Child's Play: Where Gamers Give Back

In 2003, Gabe and Tycho, the cartoonists behind the immensely popular "Penny Arcade" webcomic launched a toy drive for the Seattle Children's Hospital. What began as a single event for a lone hospital has since turned into Child's Play, a charity that raises more than one million dollars each year for more than seventy hospitals in six countries. A number of corporations, including Amazon, Microsoft and Ubisoft, are major sponsors. Bioware, another sponsor, has a free facebook application called "Gift of the Yeti" and makes a donation every time the game is played. Many community groups and volunteers organize events and programs every year to raise money, among them Desert Bus for Hope.

After another sold out dinner auction at the Washington convention center, CBR News spoke with Kristin Lindsay, the Foundation Coordinator of Child's Play, about the charity's origin, its mission and shattering last year's event in the face of a down economy.

CBR News: Kristin, for people who might not know, what exactly is Child's Play and why did Gabe and Tycho start it?

Kristin Lindsay: We were founded back in November of 2003 by Mike "Gabe" Krahulik and Jerry "Tycho" Holkins, who are the artist and writer of the most popular internet-based webcomic in the world, Penny Arcade. Penny Arcade itself is based on video games and video game culture.

They were inspired at the time by a mainstream media news article that painted video gamers in a violent light, something that Mike and Jerry knew was a very unfair stereotype.  They decided on the spur-of-the-moment to hold a Christmas toy drive for their local pediatric hospital, Seattle Children's.  In a mere three weeks, they collected an overwhelming $250,000 worth of toys, mailed to them by the video game community.  Based on that success, they committed to making the drive an annual event, expanding to other hospitals.

There are a lot of corporations listed as sponsors. How easy has it been to recruit them to this cause and how receptive have they been about getting behind a project like this?

The game industry has been extraordinarily supportive of Child's Play, we've been very lucky to have everyone step up.  Most of them get in touch with us first, asking how they can help out each year.

How did Amazon come onboard with the charity and how instrumental have they been with helping make this possible?

Amazon's wish list system was the obvious solution to the problem of dealing with shipping.  They had the right tools already in place, so when we got in touch with our contacts there, they were eager to help.  Without Amazon, we wouldn't have the Child's Play network we have today.

When you decide to expand the network of hospitals, how much of it is you trying to grow and how much of it is people reaching out to you?

Almost all of our current partner hospitals came on board after hearing about us through their contacts at other hospitals, or after being referred by supporters who wanted to see their local facilities on the Child's Play map.  When we look at a new partner hospital, we are looking for non-profit pediatric facilities in areas where we don't already have regional representation.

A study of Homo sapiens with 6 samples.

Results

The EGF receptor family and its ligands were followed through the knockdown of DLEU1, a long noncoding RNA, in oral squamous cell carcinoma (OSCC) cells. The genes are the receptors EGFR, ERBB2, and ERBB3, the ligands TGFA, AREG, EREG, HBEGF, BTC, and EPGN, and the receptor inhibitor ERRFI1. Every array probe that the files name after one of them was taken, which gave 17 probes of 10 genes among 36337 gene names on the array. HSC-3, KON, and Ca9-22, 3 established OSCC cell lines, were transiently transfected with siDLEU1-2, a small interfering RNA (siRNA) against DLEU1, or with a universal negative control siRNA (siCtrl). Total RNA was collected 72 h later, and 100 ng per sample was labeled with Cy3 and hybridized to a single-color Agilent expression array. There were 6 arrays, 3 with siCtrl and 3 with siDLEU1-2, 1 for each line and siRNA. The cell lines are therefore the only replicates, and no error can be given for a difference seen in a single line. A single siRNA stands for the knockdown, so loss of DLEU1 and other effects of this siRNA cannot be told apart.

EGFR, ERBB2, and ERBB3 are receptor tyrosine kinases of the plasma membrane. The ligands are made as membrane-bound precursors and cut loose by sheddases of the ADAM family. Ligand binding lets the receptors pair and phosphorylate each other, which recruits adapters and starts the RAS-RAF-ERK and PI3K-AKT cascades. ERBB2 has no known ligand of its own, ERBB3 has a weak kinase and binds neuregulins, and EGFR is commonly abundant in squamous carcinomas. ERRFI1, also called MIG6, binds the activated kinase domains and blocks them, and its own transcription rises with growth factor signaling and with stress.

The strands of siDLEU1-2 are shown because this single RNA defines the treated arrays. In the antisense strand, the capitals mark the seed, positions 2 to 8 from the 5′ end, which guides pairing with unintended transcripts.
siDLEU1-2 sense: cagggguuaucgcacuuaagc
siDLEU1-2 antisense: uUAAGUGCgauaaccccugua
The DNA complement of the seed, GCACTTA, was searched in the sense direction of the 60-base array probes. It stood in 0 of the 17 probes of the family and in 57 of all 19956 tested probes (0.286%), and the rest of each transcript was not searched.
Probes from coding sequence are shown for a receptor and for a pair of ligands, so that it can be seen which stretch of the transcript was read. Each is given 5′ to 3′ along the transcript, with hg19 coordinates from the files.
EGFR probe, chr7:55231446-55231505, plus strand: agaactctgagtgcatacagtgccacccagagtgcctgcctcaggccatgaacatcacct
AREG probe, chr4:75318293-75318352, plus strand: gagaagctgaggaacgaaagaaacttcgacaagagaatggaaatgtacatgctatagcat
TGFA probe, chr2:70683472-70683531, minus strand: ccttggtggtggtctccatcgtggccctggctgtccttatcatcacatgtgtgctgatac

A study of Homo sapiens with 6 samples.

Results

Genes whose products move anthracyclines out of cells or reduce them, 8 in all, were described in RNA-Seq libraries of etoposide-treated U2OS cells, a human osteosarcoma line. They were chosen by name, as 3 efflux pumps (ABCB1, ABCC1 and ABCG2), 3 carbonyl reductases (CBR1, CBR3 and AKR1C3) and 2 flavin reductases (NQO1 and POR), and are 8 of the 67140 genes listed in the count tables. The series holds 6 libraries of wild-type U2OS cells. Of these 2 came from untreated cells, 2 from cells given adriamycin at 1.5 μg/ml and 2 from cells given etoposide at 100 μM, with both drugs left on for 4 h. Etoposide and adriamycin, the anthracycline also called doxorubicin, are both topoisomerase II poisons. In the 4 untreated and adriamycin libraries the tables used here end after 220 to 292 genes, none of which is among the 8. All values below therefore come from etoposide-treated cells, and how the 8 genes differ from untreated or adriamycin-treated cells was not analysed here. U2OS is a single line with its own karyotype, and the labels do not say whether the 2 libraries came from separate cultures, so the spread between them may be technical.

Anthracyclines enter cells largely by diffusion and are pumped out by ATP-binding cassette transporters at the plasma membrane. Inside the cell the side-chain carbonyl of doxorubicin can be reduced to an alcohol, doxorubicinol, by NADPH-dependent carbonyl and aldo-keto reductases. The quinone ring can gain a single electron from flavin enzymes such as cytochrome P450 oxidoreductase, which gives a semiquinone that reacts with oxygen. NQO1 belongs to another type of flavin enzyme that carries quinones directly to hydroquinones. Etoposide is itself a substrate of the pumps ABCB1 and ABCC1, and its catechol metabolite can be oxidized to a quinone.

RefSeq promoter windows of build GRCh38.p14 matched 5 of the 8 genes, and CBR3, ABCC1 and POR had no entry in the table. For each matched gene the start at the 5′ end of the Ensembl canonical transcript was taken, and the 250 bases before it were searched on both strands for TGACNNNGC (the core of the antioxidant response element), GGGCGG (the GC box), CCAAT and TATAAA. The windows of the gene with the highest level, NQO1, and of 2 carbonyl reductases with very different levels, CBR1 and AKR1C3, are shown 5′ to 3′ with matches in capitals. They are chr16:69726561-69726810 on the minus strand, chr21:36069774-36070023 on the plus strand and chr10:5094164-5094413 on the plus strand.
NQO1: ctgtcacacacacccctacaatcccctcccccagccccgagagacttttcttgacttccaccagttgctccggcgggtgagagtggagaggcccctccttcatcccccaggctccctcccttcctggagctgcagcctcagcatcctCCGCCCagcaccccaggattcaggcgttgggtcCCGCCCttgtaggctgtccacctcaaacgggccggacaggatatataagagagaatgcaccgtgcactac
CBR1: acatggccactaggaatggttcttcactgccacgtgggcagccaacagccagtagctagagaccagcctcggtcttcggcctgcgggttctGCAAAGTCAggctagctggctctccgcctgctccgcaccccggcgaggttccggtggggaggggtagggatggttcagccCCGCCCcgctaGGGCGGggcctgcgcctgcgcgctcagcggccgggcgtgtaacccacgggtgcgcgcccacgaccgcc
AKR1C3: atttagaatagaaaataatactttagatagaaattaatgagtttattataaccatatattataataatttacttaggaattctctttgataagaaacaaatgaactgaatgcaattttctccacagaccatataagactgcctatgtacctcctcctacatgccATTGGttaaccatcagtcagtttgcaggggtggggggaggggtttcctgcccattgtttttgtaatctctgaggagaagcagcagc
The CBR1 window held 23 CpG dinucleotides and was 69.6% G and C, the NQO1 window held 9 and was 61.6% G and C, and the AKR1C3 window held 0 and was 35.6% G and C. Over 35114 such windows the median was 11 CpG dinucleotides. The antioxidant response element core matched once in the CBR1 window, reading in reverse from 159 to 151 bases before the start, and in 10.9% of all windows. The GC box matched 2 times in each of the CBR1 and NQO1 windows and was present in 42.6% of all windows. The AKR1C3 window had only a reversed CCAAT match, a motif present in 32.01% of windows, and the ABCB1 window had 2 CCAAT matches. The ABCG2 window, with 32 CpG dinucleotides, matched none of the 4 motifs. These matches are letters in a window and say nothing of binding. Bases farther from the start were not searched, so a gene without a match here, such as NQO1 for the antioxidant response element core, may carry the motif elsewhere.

It was announced last week before the auction that you reached one million dollars earlier than ever. Last year, Child's Play raised 1.4 million dollars. Has this been the hope for the past few years, to keep expanding and growing like this?

We make a point of not setting goals.  The generosity of the gaming community has always exceeded our wildest expectations, so the one thing we count on now is that it's best not to have any.  We certainly hope that we can continue to expand our network and help as many kids as possible.

The Charity Dinner Auction at the Washington Convention Center has a silent auction and live auction. What was the impetus behind this particular event in the first place, and what role does it play as far as raising money for Child's Play and as a community event?

Our annual dinner auction was something we started during our second year.  The Child's Play program is an online initiative, so we thought it would be fun to bring in a physical component, where we could actually meet and have a great time with supporters.  It's a very hands-on event, hosted by Gabe and Tycho and supported by the immense generosity of the gaming industry.  They donate thousands of dollars worth of auction items every year, and we see amazing support from the bidders every year. 

Are there any plans to move to different venues considering it keeps selling out?

We don't have any firm plans to move to a larger venue at this time.  Part of the charm of the evening is how intimate it is.

How much of the total raised each year comes from the auction?

The auction this year raised just under $200,000, so it's a fair chunk of our annual total.

Of the money that's raised, how much of it is spent on administration and overhead?

We're very proud that only 2-3% of our donations are spent on overhead.

Surely there are a number of people who are reading this interview and are excited and interested and want to help in some small way. How can people get involved?

Donating to Child's Play can be very simple, and very fun, depending on how you chose to support us!  Buying a favorite toy or game through Amazon for a local facility really does make a big impact for all the children who will be able to play it in the future.

If you want to do something more involved, staging a Child's Play fundraiser can be a rewarding experience.  Supporters have worked with their schools, guilds and clubs to power group efforts such as LANs, video game marathons and movie nights.  These events have raised considerable donations, as well as being lots of fun for the participants.  We really suggest that people do what they love to do!  Donate your favorite game, and have a great time!  When gamers give back, it makes a big difference.